It was nearly two years ago at the 2006 Oracle OpenWorld conference that Oracle CEO Larry Ellison unveiled a plan to have Oracle provide support to Red Hat's own Linux customers.
The controversial plan sparked debate over whether Oracle was trying to kill off Red Hat by taking away Red Hat's revenue stream. Oracle and Red Hat representatives questioned during this week's Oracle Open World conference in San Francisco offered strikingly different perspectives on how well Oracle's plan has worked out.
Asked if there has been any measurable impact on Red Hat, Andrew Cathrow, Red Hat product marketing manager, responded, "To be quite honest, not at all."
"Customers may mention it as part of their renewals," Cathrow said. "We've actually seen that customers want the close relationship with us."
"The customers that we talk to, their concerns are [that] certifications don't follow through for hardware or for high speeds and can Oracle support the distribution they don't maintain," he added. A customer who wants a different support agreement than what Red Hat offers can go to IBM, Dell, or HP for third-party support, said Cathrow.
Oracle released a statement offering a much rosier outlook on Oracle's efforts.
"Put yourself in Red Hat's shoes. Oracle directly supports Red Hat Linux and provides free downloads of compatible binaries. The quality of Oracle support is superior -- our customer satisfaction is very high -- and our price is lower," Oracle said.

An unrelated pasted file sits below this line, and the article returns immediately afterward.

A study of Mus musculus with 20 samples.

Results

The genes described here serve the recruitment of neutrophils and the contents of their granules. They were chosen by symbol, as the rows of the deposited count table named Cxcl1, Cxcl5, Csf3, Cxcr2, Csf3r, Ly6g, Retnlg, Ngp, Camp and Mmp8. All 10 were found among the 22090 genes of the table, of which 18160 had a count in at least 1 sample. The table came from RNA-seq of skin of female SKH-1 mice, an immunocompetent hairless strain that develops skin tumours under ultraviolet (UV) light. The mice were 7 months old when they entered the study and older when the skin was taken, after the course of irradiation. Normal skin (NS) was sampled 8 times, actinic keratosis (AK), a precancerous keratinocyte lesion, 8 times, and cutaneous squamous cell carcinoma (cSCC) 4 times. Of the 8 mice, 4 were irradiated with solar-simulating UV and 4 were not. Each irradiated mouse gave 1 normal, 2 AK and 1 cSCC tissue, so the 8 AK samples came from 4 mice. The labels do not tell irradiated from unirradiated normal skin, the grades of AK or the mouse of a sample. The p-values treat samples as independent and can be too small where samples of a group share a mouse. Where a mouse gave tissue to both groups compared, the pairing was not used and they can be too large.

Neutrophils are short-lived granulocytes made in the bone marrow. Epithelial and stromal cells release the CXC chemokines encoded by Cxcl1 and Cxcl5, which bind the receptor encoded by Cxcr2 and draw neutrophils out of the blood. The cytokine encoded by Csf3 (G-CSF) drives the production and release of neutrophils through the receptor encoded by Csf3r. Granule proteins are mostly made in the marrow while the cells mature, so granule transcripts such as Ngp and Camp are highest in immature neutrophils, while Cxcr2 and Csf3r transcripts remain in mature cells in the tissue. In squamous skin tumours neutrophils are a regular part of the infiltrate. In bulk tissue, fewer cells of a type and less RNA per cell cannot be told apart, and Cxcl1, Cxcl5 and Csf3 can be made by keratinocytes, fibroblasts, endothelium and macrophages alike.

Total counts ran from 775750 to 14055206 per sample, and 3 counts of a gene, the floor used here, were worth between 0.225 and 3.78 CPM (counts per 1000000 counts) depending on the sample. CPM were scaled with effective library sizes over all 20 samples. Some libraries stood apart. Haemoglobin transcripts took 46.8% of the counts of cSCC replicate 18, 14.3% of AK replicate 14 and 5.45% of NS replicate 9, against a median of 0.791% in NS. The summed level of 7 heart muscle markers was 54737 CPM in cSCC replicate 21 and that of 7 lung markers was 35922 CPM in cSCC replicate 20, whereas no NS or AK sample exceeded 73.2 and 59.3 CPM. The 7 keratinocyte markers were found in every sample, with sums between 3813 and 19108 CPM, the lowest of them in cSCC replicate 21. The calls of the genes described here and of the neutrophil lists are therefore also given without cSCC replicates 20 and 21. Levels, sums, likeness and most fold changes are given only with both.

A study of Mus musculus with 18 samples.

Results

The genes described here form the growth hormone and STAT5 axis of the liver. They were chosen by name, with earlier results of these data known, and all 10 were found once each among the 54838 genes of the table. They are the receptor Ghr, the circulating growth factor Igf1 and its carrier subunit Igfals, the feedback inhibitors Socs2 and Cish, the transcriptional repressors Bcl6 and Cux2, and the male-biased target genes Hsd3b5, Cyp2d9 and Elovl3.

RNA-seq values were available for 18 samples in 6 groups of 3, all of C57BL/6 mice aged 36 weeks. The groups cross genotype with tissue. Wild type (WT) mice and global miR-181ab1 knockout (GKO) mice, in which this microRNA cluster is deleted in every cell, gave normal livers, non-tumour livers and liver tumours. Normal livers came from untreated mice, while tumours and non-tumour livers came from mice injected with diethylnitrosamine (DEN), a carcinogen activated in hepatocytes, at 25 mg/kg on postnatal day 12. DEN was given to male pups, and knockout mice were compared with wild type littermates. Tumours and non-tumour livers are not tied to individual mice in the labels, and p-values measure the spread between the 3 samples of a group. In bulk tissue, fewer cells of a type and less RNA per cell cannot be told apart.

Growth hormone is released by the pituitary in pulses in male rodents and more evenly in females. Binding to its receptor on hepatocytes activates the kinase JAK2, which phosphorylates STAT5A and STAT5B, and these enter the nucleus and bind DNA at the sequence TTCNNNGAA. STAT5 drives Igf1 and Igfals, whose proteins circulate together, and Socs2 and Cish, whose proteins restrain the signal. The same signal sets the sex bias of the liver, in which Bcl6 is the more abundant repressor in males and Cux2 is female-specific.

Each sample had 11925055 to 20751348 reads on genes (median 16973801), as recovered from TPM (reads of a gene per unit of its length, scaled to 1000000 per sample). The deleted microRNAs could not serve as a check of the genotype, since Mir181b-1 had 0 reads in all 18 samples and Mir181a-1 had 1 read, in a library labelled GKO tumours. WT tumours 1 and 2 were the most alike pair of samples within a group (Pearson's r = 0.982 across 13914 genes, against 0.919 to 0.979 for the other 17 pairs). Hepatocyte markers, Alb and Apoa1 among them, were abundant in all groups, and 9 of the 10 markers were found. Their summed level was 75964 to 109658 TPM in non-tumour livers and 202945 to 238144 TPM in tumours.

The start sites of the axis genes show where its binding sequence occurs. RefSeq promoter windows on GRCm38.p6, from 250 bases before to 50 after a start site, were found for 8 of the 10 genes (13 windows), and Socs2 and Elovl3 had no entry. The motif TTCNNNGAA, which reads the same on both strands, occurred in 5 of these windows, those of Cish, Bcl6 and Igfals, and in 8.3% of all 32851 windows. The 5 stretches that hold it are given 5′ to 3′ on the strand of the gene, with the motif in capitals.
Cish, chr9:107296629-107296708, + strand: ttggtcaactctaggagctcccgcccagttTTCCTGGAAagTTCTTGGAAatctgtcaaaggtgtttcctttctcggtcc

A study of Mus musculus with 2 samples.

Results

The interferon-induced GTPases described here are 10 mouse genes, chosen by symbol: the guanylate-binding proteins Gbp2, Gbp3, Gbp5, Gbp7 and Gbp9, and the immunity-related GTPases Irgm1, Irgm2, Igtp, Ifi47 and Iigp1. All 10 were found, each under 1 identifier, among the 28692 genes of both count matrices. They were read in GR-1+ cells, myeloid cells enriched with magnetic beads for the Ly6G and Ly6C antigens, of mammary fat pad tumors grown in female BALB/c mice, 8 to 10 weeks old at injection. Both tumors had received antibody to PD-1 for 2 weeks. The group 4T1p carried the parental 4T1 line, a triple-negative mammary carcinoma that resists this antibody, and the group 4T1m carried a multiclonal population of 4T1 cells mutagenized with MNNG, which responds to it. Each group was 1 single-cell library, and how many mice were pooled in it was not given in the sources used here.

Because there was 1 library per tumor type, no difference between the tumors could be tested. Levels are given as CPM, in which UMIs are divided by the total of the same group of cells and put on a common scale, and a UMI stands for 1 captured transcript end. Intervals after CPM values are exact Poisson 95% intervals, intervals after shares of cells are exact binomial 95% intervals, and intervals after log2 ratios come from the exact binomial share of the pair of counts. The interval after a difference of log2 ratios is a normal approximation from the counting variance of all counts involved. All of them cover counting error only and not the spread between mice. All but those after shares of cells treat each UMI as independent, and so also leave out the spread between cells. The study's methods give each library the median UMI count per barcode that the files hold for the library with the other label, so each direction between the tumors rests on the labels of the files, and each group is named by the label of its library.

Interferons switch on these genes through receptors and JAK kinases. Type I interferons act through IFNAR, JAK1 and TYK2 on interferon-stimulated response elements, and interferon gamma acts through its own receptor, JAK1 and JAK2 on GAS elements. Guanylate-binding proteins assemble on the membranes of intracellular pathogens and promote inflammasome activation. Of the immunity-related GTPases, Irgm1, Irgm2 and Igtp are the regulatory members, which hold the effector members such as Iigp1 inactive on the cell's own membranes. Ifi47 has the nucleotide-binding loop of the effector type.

"In addition, we provide value-added components, such as an Oracle Enterprise Manager management pack, Clusterware, and a clustered file system all for free. So if you are Red Hat, refusing to admit that Oracle is making progress is one of your last lines of defense," the company said.
"Our Linux ecosystem, currently 700 partners, is growing rapidly, and we now have more than 2,500 customers. Our renewal rates are excellent, and many renewing customers are increasing their server counts and adding Oracle VM. Additionally, many of those customers are large enterprises," Oracle said.
Oracle directly supports Red Hat Linux and provides free downloads of compatible binaries, the company said. Red Hat "may not be happy with our progress, but we certainly are," said Oracle.
Red Hat said the Oracle Enterprise Linux product supported by Oracle is in fact not Red Hat Enterprise Linux but a derivative distribution. Oracle countered that Oracle Enterprise Linux is 100-percent based on the Red Hat Enterprise Linux code base.
Cost-wise, Red Hat support costs vary greatly, priced from US$80 to $2,499 for an annual, single-unit subscription. Volume discounts are offered. By Tuesday afternoon, Oracle had yet to respond to a morning request for its support pricing.
Red Hat financial statements do not indicate that the company has suffered from Oracle's strategy. Net income for the fiscal year that ended February 29 was $76.7 million, compared with $59.9 million in the previous year. Revenues were $523 million in the year that ended this February compared to $400.6 million in the prior fiscal year.
The company on Wednesday reported revenues of nearly $164.4 million for the fiscal quarter that ended August 31, a 29 percent increase from the same quarter a year ago. Net income was $21.1 million compared to $18.2 million for the same quarter last year.
This story, "Oracle, Red Hat spar over Linux" was originally published by InfoWorld.